Santa got us a SodaStream appliance this Christmas. It seems like a useful device to carbonate flavored tap water but rather narrow in it’s application and costly to operate. One of my first questions before even reading the manual was to Google how people are hacking the thing in ways to find new culinary applications and reduce operating costs (purely for informational purposes only). When prestige media publication like the New York Times publishes an article about hacking SodaStream appliances, you know “hacking” has gone mainstream.
The word “hacker” derives from a 17th century term for a physical laborer swinging a hand tool like a hoe. In the 1960s the word became associated with computer programmers. Today the term “hacker” is broadly used to identify both digital criminals (eg identity theft and DDOS server attacks) as well as creative technical geniuses who reverse engineer complex systems to build new systems of unforeseen new value. Here is wikipedia’s definition:
A hacker is one who enjoys the intellectual challenge of creatively overcoming and circumventing limitations of programming systems and who tries to extend their capabilities. The act of engaging in activities (such as programming or other media) in a spirit of playfulness and exploration is termed hacking. However the defining characteristic of a hacker is not the activities performed themselves (e.g. programming), but the manner in which it is done: Hacking entails some form of excellence, for example exploring the limits of what is possible, thereby doing something exciting and meaningful. Activities of playful cleverness can be said to have “hack value” and are termed hacks (examples include pranks at MIT intended to demonstrate technical aptitude and cleverness).
Today a hacker’s target isn’t just limited to trying to improve piece of computer software or hardware. Today people are hacking everything from their car’s gas mileage (hypermiling) to their bodies (eg blogger Tim Ferriss) to make modifications that increase performance, reliability and/or longevity. A number of Internet website have sprung up to create communities around these efforts or to cover the general movement like lifehacker.com.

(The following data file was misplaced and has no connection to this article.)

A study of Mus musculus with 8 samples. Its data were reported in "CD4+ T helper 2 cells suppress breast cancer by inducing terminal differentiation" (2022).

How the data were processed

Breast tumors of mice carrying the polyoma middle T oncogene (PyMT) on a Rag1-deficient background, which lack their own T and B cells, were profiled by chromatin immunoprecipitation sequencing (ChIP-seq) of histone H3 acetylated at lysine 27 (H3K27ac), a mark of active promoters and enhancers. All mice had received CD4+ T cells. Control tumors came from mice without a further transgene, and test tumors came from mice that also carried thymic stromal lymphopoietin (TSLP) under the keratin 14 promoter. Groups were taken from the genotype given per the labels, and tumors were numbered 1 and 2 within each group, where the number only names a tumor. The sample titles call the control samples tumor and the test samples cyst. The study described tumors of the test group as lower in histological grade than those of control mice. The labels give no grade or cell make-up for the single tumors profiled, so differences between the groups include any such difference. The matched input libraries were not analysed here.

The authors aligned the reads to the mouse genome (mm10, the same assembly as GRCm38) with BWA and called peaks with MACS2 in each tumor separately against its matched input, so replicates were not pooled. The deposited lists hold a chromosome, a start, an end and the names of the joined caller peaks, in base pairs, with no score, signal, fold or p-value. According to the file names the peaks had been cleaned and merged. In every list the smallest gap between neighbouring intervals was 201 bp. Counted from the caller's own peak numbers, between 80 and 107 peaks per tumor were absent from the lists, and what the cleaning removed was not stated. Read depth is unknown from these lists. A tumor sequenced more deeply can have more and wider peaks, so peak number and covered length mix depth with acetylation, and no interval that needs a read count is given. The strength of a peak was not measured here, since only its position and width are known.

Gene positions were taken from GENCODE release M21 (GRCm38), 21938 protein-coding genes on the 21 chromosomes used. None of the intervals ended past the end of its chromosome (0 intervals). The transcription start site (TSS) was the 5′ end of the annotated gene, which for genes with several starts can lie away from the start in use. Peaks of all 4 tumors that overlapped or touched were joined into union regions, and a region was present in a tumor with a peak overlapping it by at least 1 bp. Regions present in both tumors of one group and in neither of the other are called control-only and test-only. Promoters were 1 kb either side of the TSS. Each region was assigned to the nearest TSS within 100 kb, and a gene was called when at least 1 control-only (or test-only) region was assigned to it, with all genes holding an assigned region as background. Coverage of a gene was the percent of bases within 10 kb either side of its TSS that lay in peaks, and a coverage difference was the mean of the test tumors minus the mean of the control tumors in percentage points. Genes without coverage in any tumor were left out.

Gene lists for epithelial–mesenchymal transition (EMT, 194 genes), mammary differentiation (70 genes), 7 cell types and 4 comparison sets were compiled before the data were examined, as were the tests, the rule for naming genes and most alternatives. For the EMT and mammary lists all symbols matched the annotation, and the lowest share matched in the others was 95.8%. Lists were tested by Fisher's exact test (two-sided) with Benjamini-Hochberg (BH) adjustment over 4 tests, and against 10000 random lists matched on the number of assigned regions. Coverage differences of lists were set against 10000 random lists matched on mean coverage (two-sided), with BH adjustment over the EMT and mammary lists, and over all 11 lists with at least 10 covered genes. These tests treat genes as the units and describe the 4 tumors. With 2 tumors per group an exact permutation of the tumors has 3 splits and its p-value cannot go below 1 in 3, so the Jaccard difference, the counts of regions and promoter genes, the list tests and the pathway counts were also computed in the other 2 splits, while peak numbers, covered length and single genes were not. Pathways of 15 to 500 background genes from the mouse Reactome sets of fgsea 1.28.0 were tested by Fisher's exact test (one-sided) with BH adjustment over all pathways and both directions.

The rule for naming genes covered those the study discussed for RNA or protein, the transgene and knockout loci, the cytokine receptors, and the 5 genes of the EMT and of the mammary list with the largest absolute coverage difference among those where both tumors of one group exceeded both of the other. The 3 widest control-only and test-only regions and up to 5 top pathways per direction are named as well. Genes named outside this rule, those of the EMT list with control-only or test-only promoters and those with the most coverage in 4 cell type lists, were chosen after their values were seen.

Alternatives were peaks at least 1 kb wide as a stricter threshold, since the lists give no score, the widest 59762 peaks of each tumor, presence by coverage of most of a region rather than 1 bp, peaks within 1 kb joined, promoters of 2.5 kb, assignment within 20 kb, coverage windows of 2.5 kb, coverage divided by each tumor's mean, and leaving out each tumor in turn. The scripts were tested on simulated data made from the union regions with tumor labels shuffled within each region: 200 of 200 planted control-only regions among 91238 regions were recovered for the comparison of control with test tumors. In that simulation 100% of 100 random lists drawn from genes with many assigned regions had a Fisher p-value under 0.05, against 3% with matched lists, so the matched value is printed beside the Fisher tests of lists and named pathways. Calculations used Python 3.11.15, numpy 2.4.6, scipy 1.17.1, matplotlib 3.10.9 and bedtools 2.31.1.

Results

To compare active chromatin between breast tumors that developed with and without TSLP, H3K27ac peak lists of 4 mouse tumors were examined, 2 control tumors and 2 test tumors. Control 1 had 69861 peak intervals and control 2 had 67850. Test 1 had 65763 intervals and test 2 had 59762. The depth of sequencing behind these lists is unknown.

( Make Magazine started in 2005 and they have a great website too )
Concurrent with the tendencies to generalize hacking beyond traditional engineering targets has been the rise of the Maker Movement. This formally arose in San Mateo, CA near Silicon Valley around 2005 sparked by the rapidly decreasing cost of computing power, hardware, 3D printers, drones, and other components that now give individuals access to creative tools formerly only available to corporations.
The Hacker and Maker Movements have expanded beyond engineers and programmers to include designers, artists and many others. Just as a doctor is trained to view the human body and disease, engineers are trained to see beyond the existing solution, gain a deep understanding of how all parts inter-operate at multiple levels and, at the highest level, be able to fundamentally redesign a system for optimal performance or even entirely new applications.
Although medicine gets more positive coverage in prime time dramas, science and engineering is at the forefront of a human discovery, is intellectually unbound and far more open and rewarding for creative visionaries. The best engineers do not just accept the world as it is, but to actively engage, improve and tailor it to their ends and for all humanity.